Wednesday, 30 Jun 1999

Vol. 507 No. 3

Written Answers. - Suicide Incidence.

Liam Lawlor


142 Mr. Lawlor asked the Minister for Health and Children if he will establish a national forum on suicide in view of figures showing 504 people taking their lives in 1998 representing an increase from the previous year of 15 per cent, with young men representing 84 per cent of suicides. [16839/99]

In response to the increased numbers of reported suicide and attempted suicide in Ireland a national task force on suicide was established in 1995 to make recommendations to service providers about how the problem of suicide and attempted suicide could effectively be addressed. The task force comprised individuals from a wide range of backgrounds from the voluntary and statutory sector. The report of the task force, which was published in 1998, marked the culmination of detailed examination of the incidence of suicide and attempted suicide in Ireland and outlined a comprehensive national suicide prevention-reduction strategy and identified the various authorities with jurisdiction in suicide prevention strategies and their respective responsibilities.

Implementation of the national suicide prevention-reduction strategy commenced shortly after publication of the report with a partnership approach adopted between statutory and non-statutory services. I wish to assure the Deputy that this partnership approach continues to operate effectively, drawing from many disciplines in both the voluntary and statutory sector, in implementing the recommendations of the report.

The establishment of a suicide research group in 1998 by the chief executive officers of the health boards is central to the strategy to prevent and reduce suicide and attempted suicide. Membership of the group includes experts in the areas of mental health, public health and research. The main responsibilities of the group are to review ongoing trends in suicide and parasuicide, to co-ordinate research into suicide and to make appropriate recommendations to the chief executive officers of the health boards. To date, the group's research-review has covered a range of data including: current Central Statistics Office figures relating to the incidence of suicide; the latest research material available on suicide; the new gardaí report forms (Form 104) submitted to the Central Statistics Office in cases of suicide; and the work of the newly established suicide committees and co-ordinators-resource persons appointed in each health board area.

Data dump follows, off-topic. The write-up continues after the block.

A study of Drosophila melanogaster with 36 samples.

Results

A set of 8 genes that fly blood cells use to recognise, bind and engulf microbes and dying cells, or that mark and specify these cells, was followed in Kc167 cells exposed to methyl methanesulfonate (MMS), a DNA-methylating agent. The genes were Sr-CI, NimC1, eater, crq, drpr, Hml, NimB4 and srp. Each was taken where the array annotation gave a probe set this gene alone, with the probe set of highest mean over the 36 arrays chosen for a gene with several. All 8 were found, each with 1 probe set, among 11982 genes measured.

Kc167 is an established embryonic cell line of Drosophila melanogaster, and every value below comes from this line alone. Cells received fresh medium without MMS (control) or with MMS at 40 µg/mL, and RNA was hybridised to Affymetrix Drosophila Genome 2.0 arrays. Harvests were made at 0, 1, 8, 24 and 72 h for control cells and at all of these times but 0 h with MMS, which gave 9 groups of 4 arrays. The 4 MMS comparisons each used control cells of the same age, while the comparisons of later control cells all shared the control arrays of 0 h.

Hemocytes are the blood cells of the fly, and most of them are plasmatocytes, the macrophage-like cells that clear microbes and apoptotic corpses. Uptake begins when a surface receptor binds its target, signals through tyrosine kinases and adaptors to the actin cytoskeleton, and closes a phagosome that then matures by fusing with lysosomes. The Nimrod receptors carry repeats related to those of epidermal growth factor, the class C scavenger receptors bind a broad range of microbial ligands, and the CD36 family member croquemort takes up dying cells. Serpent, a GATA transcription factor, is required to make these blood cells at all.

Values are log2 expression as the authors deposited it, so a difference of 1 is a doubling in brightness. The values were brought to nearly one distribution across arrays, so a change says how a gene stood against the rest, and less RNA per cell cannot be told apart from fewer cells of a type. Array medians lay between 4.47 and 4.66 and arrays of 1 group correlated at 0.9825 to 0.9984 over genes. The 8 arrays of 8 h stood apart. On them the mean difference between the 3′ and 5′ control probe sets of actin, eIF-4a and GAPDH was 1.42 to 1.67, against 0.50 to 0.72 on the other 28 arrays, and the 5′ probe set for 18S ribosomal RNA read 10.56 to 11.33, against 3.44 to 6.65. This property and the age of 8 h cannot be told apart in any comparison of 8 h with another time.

At an early stage in its deliberations, the group recognised the need for research-resource support to assist it in carrying out the tasks recommended in the report of the national task force on suicide. Funds have been provided for this purpose and formal approval for the creation of a research-resource officer post has been issued. It is envisaged that the post holder will be involved in the collation of all existing research material, both national and international and making it available to the committee. The appointee will also examine the effectiveness of intervention programmes and will liaise with local co-ordinators in each of the health boards.